Hi All!

I am 64-year-old man with a long history of dealing with CKD and dialysis. I started doing peritoneal dialysis in 2005 and continued until I got a transplant in 2009. I think I was probably lucky that I didn't have to wait longer. My kidney has been holding up, but my eGFR has been hanging around 15 for several months. My nephrologist says she thought I'd be on dialysis months ago. I'm trying to stave off dialysis as long as I can, but I feel I should be prepared.

I have decided that I would rather do in-center hemodialysis this time around. Doing PD at home was fine when I was younger, but I don't think I can face dealing with the supplies and setting up the machine every night. I think I would rather let a professional be responsible. I already have a fistula ready to go.

What I'm wondering is this: What is the social life like in the dialysis center? Do people talk with each other, or do they keep to themselves? Should I bring my tablet so I can read books and watch movies? Or should I be ready to engage in scintillating conversation with my fellow patients?

6 Replies


Like you I have been on PD but recently had to move to hemo, I decided to go for home hemo which will happen in about 4 weeks after my training is complete.

Have some banter with the others in the same ward, I normally take a paper to read.

I am 70 and work full time and ok with home hemo, this will give me more freedom than P D. Will later think of nocturnal hemo.

I am are you will make the best choice for yourself.




Units vary to be honest. Of my 26 years on dialysis, 16 were at the unit, the rest at home. I have had some of the biggest laughs whilst on dialysis with fellow patients and have made some lifelong friends; some of which are nurses. You may not always sit next to the same people, but in my experience, nurses do try to sit friends together. You will experience what it feels like to actually talk to those who know what it's like living on dialysis. You'll be able to pick up tips about diet and share your own experiences of kidney failure. Eventually you may decide you would like to take control of the machine yourself and maybe consider it at home. I love home hd, but I do miss my friends on the unit whom I no longer see.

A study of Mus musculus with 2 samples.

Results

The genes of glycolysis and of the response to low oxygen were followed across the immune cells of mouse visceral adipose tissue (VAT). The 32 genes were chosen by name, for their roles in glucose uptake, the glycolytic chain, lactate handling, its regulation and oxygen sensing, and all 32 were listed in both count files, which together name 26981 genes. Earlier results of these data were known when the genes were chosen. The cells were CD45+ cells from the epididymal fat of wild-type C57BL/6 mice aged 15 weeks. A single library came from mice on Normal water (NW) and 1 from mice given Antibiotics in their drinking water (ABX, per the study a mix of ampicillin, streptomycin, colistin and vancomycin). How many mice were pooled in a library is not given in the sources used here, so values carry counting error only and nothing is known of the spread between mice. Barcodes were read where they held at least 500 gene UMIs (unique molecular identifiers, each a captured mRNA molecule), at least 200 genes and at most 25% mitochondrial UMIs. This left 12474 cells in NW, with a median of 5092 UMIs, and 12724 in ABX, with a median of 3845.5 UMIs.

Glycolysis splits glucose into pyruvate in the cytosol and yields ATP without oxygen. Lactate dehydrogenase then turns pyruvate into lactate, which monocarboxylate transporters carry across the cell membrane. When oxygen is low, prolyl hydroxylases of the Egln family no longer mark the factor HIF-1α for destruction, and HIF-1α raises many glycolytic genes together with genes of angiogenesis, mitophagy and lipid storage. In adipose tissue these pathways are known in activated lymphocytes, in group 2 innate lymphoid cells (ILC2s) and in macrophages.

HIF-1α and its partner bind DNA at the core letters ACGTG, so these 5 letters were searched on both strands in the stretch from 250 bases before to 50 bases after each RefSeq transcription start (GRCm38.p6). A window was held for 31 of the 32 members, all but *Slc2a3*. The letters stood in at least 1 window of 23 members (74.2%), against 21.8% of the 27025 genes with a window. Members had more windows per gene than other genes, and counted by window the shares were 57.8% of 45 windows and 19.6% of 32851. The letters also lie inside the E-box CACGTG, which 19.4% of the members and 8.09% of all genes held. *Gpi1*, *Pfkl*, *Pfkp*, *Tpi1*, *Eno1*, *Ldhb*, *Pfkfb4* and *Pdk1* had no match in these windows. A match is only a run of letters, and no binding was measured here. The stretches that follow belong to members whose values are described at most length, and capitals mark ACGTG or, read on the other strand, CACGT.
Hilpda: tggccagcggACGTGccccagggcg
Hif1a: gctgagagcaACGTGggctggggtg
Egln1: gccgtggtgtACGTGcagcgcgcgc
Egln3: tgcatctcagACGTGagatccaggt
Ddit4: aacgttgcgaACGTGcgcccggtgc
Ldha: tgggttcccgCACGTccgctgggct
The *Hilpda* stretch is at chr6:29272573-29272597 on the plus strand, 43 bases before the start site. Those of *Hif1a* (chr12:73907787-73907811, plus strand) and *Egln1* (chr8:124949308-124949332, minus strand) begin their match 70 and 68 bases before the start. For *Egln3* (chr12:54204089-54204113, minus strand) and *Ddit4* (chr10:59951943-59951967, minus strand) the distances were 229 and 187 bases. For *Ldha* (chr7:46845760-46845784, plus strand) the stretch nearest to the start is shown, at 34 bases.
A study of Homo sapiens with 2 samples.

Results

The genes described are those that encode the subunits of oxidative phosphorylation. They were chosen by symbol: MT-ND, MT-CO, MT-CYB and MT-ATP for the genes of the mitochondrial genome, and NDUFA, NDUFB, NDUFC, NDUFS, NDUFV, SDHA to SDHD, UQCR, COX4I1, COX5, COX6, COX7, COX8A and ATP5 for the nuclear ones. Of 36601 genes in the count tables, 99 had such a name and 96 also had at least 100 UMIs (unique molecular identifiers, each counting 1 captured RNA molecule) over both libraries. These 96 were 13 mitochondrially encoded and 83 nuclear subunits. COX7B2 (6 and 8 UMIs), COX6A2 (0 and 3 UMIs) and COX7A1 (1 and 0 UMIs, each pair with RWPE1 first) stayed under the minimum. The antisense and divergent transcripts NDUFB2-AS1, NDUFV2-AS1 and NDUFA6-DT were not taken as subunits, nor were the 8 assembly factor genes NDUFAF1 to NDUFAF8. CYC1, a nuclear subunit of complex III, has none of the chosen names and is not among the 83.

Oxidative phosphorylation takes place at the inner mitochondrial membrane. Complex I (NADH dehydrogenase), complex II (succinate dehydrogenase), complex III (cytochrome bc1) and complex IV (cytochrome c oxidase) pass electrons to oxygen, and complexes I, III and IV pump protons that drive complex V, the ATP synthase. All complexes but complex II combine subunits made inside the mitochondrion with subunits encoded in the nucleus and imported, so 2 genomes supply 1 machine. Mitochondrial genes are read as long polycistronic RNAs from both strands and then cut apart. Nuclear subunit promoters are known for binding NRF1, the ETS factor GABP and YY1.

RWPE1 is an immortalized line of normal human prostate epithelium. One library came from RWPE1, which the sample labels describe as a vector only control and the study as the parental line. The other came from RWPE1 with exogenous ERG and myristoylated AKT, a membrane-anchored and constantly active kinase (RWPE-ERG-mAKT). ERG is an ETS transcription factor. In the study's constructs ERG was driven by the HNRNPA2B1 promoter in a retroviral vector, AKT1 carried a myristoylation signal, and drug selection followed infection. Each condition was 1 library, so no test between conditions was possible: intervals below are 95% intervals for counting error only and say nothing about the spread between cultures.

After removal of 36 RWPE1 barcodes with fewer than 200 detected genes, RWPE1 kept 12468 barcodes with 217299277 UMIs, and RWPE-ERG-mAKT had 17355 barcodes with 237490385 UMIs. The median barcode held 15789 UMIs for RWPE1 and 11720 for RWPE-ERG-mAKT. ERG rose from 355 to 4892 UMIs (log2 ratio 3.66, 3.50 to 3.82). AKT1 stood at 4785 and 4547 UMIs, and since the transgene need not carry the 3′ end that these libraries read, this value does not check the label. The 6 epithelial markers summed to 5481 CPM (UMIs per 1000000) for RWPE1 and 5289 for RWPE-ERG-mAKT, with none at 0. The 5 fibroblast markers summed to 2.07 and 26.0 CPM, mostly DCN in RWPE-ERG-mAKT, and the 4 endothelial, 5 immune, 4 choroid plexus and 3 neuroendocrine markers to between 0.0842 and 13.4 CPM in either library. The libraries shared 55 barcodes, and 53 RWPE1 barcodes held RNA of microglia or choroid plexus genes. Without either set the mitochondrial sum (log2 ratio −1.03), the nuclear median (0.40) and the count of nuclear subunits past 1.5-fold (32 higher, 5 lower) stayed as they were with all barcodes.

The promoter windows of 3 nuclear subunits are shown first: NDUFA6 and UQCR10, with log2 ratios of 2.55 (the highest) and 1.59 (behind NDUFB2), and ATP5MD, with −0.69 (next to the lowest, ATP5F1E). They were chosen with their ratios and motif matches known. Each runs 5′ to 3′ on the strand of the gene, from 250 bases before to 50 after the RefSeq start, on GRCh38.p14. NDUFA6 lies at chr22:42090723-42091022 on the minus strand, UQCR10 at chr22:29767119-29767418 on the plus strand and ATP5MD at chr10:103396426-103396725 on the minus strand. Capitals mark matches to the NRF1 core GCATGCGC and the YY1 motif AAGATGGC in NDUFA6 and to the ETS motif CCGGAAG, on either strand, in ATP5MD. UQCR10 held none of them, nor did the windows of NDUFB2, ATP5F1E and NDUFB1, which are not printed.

I agree, every unit is different. I am in a small satellite unit with only 8 chairs in the main part and 4 side rooms. This is cozy in one way but the way the machines are positioned means you cannot talk to anyone unless they are directly opposite you. Having said that it is a jolly friendly atmosphere whilst you are on the machine but you do get the distinct feeling that we are only extensions of the machines and unless how you feel affects their paperwork they are not interested. When a fellow patient, who you may have spent several years, every week x 3 sitting together, dies, you are not told and it's as if they were never there. To realise that can be a rude awakening. Despite all this I would rather be in a unit although this is probably because I live alone and would feel extremely isolated


Hello lincoln 53

I think it is different in every unit - the unit at Norfolk and Norwich has the beds quite close together for HD sessions and when we were shown the area, it felt more like an airport lounge where people are waiting for a flight! There was no conversation going on at that time as everyone was plugged into music or watching TV or reading a book or paper. But it was a calm atmosphere and people looked healthy as well - you would not have known that they were patients at all!

1 like

Hi there,

I always bring my iPad with some downloaded programmes from BBC or Netflix as the wifi isn't strong enough for streaming. Or a book! Headphones are good too as it can be noisy.

The nurses are really friendly and nice but won't be chatting for the full four hours! Many patients are sleeping or watching TV but sometimes you end up having a chat.

Good luck with it! You'll soon find a good routine.


1 like

I finally started hemodialysis 3 months ago. In my center, the chairs are too far apart to carry on a conversation with fellow patients, so I too use my laptop and Kindle to fill the time. I do have brief encounters with some of the other patients. Everyone seems friendly and gives me a smile when I say, "Good morning!" I don't know the names of any of the other patients. The techs and nurses are also friendly. I am just beginning to learn their names.